CHARACTERS Pritchard - An American taxpayer.

CONFLICT Protagonist - Pritchard, who wishes to go to Mars to avoid atomic war on Earth.

Antagonist - The American government, who ignores him.

Climax - His demand to join the third expedition falls on deaf ears.

Outcome - He remains on Earth.


Escape from a horrible situation and a false sense of entitlement. The phrase "I'm a taxpayer" is often used to protest perceived poor treatment at the hands of the government.


Pritchard demands to go to Mars to avoid atomic war on Earth, but is refused.


The foreshadowing of an atomic war is brought to the forefront in this brief vignette. Pritchard's desperation seems unwarranted: he may be considered a crank, someone whose dissatisfactions are out of proportion from the reality of the situation. And yet, there are subtle hints in other stories that indicate the extent of the problem: that only Americans make the voyage to Mars, indicating a strong rift in international relations; the disillusionment about humanity that Spender expresses quite fatally on the fourth expedition. In a way, Pritchard is a prophet unheeded by his people.

APRIL 2000: The Third Expedition


John Black - Captain of the third expedition from Earth to Mars.

Samuel Hinkston - Archaeologist on the third expedition.

David Lustig - Navigator on the third expedition.

Nameless Old Woman - First person encountered by the expedition on Mars.

Grandma Lustig - A Martian posing as David Lustig's relative.

Grandpa Lustig - A Martian posing as David Lustig's relative.

Edward Black - A Martian posing as John Black's brother.

Mother Black - A Martian posing as John Black's relative.

Father Black - A Martian posing as John Black's relative.

Marilyn - A girlfriend from John Black's youth.

Mayor - Mayor of the town.


Protagonist - John Black, who wishes to solve the mystery of how their trip to Mars landed them in what appears to be a small 1920s-era Earthian town.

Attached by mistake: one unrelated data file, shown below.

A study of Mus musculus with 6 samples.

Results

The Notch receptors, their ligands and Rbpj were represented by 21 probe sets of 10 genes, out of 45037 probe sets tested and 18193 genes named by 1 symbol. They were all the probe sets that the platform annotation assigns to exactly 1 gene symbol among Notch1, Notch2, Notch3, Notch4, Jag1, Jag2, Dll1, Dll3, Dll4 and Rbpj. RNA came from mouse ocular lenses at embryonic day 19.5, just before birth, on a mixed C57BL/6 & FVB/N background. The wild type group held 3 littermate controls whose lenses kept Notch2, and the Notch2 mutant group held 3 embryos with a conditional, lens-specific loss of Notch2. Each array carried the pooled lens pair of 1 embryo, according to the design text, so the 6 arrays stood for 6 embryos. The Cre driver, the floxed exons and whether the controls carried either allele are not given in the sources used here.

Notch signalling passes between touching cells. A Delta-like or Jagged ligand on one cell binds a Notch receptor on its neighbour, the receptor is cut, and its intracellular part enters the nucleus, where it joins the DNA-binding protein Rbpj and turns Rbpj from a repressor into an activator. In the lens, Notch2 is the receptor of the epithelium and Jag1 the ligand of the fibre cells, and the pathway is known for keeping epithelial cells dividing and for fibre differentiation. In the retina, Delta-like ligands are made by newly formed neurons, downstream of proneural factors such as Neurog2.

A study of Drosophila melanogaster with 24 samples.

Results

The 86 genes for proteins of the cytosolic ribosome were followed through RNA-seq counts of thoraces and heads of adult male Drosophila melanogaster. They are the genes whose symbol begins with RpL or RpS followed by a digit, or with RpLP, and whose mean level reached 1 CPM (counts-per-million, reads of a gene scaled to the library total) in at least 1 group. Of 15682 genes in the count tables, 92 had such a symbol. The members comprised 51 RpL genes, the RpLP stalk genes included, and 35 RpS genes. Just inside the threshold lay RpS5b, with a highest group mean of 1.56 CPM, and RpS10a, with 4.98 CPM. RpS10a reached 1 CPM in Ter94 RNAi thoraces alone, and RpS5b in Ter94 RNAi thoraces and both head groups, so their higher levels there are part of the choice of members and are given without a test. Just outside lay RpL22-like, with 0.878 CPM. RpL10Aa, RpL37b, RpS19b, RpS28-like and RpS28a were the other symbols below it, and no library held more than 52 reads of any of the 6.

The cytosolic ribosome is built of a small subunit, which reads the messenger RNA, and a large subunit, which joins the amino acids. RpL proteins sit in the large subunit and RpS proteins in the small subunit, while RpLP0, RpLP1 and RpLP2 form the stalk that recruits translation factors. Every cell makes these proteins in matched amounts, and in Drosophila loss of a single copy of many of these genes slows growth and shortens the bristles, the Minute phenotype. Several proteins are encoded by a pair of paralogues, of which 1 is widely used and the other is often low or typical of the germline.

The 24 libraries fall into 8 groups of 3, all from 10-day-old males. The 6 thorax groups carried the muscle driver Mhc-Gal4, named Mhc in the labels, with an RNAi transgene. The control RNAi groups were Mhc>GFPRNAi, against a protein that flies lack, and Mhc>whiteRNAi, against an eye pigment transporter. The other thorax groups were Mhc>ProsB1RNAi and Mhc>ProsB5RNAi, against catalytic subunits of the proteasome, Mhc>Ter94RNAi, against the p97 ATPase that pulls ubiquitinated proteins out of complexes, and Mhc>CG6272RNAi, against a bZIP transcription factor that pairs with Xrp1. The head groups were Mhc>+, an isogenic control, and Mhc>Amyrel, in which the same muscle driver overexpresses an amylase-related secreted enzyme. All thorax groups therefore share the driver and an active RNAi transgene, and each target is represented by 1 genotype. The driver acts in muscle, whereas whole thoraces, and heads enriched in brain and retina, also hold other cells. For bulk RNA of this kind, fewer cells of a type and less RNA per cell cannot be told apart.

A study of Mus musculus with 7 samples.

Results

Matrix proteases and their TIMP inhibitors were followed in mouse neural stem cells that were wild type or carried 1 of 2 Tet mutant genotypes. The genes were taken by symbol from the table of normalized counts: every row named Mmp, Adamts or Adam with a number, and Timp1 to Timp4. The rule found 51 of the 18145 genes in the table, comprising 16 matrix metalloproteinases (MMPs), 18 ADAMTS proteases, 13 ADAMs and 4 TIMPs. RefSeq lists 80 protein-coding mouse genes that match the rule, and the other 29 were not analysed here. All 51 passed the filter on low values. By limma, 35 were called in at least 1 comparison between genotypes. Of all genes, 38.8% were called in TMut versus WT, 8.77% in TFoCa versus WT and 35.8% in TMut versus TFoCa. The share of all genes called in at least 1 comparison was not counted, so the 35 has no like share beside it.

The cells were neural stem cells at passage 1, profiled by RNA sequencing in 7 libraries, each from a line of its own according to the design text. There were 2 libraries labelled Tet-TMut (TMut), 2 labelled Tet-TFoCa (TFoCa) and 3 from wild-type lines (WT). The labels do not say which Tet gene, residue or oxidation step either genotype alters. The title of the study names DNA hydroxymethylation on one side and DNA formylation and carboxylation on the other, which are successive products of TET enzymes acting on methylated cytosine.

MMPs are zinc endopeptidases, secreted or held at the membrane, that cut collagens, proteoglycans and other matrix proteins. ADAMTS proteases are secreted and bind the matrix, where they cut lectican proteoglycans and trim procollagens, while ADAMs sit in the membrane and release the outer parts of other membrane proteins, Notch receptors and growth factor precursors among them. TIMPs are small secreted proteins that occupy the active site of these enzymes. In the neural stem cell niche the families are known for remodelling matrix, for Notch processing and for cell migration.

Antagonist - Martians preying on the memories of the Earthians by posing as their dead relatives.

Climax - Black realizes what the plot is but is too late to save himself.

Outcome - The entire third expedition is killed and buried by their "families".


The seductive - even fatal - nature of nostalgia and memory. The men of the third expedition try to rationalize the existence of an Earthian town from the past on Mars but ultimately give up the riddle when confronted with loved ones they considered long dead. In refusing to question thoroughly how this could be possible, the men have doomed themselves to being murdered by the Martians.


The Third Expedition lands on Mars, only to discover a town straight out of Earth circa the 1920s. Captain John Black confers with Samuel Hinkston and David Lustig on possible reasons for this, including the possibility that earlier expeditions had set up this town, but find nothing that fits. Finally, Black instructs the rest of the men to stay on the ship and be ready with guns while he goes with Hinkston and Lustig to explore the town. They knock on the door of a house and are informed by the old woman living there that they are in Green Bluff, Illinois, in the year 1926.

The men continue to walk through town, shocked but still trying to figure out this problem logically - when Lustig sees his grandparents, long dead, and rushes to meet them. The grandparents assure Lustig and the others that this isn't Heaven but a second chance on another Earth. Black then discovers the other men of the expedition had abandoned the ship as their own relatives greeted them. He is enraged until his own, long-dead brother, Edward, meets him. Black returns to the home of his childhood, where his parents wait for him.

As he falls asleep that night, he asks Edward about his girlfriend from that time in his life, Marilyn. As Black falls asleep in his childhood bed, he begins to think some more about his situation, coming to the conclusion that this whole scenario would be an excellent way to get his expedition's guard down and kill them. Scared, he sneaks out of bed but is stopped by his brother, who kills him. The next day, a group funeral is held for the sixteen men of the expedition, all killed overnight, then the town took the day off.


The motif of knocking on the door of a stranger is repeated in this story: this was done literally with the second expedition and, one may argue, figuratively in the first expedition where an Earthian threatened a specific Martian household. There is some comedy played in the idea that people from Earth must observe common courtesy in an alien setting. Also, it's worth paying attention to the story's denouement, where the Martians continue to behave as if they were Earthians when they bury the bodies. They seem to have completely assimilated in their roles as Earthian relatives, a phenomenon we will see again in "The Martian".